Early Intervention

The phrase “Early Intervention” most commonly refers to “Early Intervention in Psychosis.” To read more about “Early Intervention in Psychosis” services, click the link below.

However, the phrase “Early Intervention” can apply to recovery from any mental illness. *The BC Early Intervention Study (1998) found that on average, three years elapses between the time a young person first experiences symptoms of schizophrenia and the time he or she accesses help. For young people with mood disorders, the average time was seven and a half years. The reasons are complex. Without enough information to recognize the signs of mental illness, people delay seeking help. When they do, they may find that their family doctor isn’t adequately trained to recognize the signs of schizophrenia or bipolar disorder, and may mistake those disorders for depression or substance abuse. In school, mental health problems might be mislabelled as behavioural issues. Then, when someone goes to the Emergency ward, if he or she is well enough to ask for help, it may be assumed he or she is not to be sick enough to need it. All of the preceding circumstances contribute to delays in seeking service, and those delays keep people from getting prompt and proper diagnoses and treatment.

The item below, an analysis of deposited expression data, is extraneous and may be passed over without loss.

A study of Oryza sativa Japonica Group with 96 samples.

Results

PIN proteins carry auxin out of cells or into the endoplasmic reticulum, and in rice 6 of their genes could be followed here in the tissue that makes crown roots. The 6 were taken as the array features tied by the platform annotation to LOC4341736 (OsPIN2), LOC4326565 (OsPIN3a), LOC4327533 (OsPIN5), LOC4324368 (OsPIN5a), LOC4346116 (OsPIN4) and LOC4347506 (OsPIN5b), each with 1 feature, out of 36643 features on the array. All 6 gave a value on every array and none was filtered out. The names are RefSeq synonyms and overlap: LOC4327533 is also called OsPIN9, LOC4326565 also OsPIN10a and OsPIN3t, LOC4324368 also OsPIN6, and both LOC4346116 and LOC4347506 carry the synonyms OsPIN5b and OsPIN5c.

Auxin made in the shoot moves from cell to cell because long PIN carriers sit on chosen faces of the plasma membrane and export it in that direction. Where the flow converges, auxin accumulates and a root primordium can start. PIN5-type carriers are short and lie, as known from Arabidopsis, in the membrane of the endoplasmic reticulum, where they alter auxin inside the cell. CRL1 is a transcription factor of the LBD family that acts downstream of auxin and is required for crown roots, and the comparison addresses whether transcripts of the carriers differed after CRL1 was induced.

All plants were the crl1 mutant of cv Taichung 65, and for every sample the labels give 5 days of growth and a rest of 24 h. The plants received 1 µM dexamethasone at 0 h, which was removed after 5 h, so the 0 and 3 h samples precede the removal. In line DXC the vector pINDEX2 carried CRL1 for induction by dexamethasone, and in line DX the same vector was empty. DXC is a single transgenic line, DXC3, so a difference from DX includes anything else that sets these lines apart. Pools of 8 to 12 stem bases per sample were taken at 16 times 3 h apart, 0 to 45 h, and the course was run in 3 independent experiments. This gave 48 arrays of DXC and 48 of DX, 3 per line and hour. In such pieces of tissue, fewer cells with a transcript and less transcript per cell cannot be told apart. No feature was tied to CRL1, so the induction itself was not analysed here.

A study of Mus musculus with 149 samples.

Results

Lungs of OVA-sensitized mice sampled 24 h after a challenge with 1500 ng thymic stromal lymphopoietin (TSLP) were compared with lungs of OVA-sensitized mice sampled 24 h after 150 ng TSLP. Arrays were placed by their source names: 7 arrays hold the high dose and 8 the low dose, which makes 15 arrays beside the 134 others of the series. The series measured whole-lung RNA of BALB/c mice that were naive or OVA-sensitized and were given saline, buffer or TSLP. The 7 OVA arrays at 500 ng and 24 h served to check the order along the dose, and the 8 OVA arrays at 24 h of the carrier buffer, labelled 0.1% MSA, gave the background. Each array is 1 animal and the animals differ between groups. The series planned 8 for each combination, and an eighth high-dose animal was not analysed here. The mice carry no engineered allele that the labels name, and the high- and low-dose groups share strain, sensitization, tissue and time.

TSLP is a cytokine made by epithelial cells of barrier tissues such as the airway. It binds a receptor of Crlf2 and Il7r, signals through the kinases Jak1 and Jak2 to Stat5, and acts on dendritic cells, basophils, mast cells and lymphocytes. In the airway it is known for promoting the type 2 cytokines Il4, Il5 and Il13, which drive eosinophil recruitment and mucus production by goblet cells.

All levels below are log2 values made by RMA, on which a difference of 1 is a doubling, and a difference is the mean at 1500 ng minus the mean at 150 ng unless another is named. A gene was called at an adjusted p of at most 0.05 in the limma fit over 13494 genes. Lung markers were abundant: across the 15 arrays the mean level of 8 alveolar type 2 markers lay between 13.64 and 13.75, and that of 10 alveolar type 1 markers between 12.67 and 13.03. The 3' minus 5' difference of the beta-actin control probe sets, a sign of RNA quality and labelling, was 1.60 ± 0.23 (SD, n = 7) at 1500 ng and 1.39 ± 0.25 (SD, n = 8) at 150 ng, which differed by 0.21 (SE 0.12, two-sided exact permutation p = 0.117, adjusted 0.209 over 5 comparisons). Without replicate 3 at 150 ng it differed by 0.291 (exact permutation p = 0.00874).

The study found that education is the top contributor to illness self-management and recovery. Both clients and their families requested education that is counselling-based, rather than fact-based. Learning from someone who has “been through it and recovered” was the most powerful type of information, they said. It was also found to be important that people connect with community supports early on. In many cases clients were not offered community support until symptoms had recurred a number of times.

*Information taken from the BC Early Intervention Study (1998) from CMHA, BC Division.

Early Intervention in Psychosis

The experience of psychosis has very profound impacts on the individual and their family members and friends. A first episode of psychosis most often occurs in adolescence or early adult life. An experience of psychosis at this stage has great potential to derail educational, work and social goals. A response that specifically considers the key developmental stage of those experiencing an initial episode of psychosis is critical.

Symptoms of psychosis include delusions, hallucinations, disorganized thinking and disorganized or bizarre behaviour. The overwhelming majority of first episodes of psychosis will occur among young people between the ages of 15 and 34. This text is taken from the Ministry of Health and Long-term Care’s document entitled “Program Policy Framework for Early Intervention in Psychosis”. The report also indicates the services dedicated to early intervention are growing in Ontario and worldwide.